Powell Discusses North Korea, Iran, War on Terrorism

Interview by regional news syndicates August 1

Any substantive discussion of North Korea's nuclear weapons program must be "a negotiation among six parties who have equities," Secretary of State Colin Powell said in an interview with U.S. regional news syndicates August 1.

"What North Korea has been doing is in direct contravention to understandings and agreements they have with some of their neighbors," Powell said. "And therefore, North Korea has to explain and answer to China, South Korea, Japan, Russia, the United States the nature of their policies and everybody has an equity."

He continued, "I think it is quite appropriate, in fact, I think it is essential that all of the parties be involved" in any talks with North Korea."

Powell said that U.S. policy "is to work diplomatically with our partners and the North Koreans to find a diplomatic political solution to the problem."

He also cited the positive role played by the Chinese in moving the negotiations forward. "They are using their influence in a very effective and positive way -- it was through Chinese efforts that we got to the trilateral step, and through Chinese efforts that we are at this next step."

Regarding Iran, Powell said the United States is concerned about that country's nuclear energy program and is "particularly engaged with the Russians on their support of the projects such as we share.

"We want to see whether or not Iran is so committed to creating an indigenous fuel cycle that they don't need outside help after a while," Powell said. "And we believe that the international community is more and more coming to the conclusion that we have to do everything possible to persuade the Iranians one way or another that this is not the direction in which they should be moving." Powell stressed that seeking nuclear weapons will not "do much" for the Iranian people, and that such activities are "destabilizing to the region." He added that "benefits await the Iranian people at some point in the future if they abandon this kind of activity of trying to develop weapons of mass destruction and they foreswear support of terrorist activities."

The Secretary said that the global war on terrorism is "alive" and "active," citing international efforts in Afghanistan and Iraq -- "and what we're doing with friends around the world either through intelligence activity, law enforcement activity, military activity."

Powell added that the United States has been strong "on the 'demand side' of the global war against terrorism by improving the way in which we watch our airports, and the way in which we have knowledge of those who are coming to our country, the visa changes we have made, the INS [U.S. Immigration and Naturalization Service] work that's underway, the investment that's been made in the Department of Homeland Security and the work that [Homeland Security secretary] Ridge has been doing."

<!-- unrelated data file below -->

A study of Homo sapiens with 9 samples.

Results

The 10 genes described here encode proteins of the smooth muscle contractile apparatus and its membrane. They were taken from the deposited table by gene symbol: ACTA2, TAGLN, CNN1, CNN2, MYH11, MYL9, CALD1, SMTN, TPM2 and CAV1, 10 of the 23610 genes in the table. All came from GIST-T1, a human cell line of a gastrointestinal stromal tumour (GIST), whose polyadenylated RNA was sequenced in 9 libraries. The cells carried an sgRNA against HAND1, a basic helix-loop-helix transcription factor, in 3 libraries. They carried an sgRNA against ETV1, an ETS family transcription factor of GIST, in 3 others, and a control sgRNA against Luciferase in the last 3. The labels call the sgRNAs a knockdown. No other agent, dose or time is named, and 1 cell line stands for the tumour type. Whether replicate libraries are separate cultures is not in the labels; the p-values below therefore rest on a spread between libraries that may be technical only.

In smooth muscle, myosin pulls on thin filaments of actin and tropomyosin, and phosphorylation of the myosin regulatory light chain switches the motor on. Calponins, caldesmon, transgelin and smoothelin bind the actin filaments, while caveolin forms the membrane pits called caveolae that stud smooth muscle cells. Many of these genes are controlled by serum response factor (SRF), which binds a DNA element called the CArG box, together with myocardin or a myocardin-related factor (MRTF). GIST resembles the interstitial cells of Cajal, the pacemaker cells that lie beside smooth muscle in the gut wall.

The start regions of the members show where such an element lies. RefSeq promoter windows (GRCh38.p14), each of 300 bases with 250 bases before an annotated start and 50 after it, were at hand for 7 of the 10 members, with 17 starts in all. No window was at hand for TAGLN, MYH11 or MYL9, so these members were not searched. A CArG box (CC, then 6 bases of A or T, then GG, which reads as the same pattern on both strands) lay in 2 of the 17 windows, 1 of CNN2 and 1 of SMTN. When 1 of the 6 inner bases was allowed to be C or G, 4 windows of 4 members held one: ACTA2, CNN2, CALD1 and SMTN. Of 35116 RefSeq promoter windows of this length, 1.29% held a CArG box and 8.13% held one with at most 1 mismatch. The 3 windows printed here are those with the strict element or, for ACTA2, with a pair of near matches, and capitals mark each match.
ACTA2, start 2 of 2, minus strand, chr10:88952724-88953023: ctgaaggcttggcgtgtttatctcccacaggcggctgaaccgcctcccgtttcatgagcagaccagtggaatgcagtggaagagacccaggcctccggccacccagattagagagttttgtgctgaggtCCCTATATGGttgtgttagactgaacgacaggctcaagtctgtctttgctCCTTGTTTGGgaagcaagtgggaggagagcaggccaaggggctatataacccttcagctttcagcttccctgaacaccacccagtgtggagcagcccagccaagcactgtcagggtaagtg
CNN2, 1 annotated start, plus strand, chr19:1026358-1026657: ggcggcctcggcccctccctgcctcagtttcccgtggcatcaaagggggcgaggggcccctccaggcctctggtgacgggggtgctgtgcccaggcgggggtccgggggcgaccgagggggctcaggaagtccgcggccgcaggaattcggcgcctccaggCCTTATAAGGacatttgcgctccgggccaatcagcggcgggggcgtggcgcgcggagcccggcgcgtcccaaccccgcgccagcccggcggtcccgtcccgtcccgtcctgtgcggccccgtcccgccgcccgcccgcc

In response to a question on Saudi Arabia's contributions to the war on terrorism, Powell said that the U.S. relationship with that country is a good one.

"They gave us support during the Iraq war through use of facilities and whatnot. They have become much more aggressive in the global war on terrorism," he said. "They are a major oil producer in that part of the world, and they make sure that there is a steady supply of petroleum that we need. We pressed them to change some things they have done in the past with respect to how charitable contributions have previously ... been funneled to certain religious organizations that are teaching more than religion. And they have been responsive to our concerns."

Powell said that the United States and Saudi Arabia are working together on a broad range of other issues as well.

"We had a number of child-custody cases that a difference of approach and policy would resolve a number of them. There are many more yet to be resolved and we're working with the Saudis in a cooperative manner," he said. "They were very helpful in the Sharm el Sheik summit as we got the roadmap underway. And so I think we have a good relationship with the Saudis. They are doing more for us and ... when they are disagreements or policies that we think they need to take another look at, we engage with them as friends of 50 years."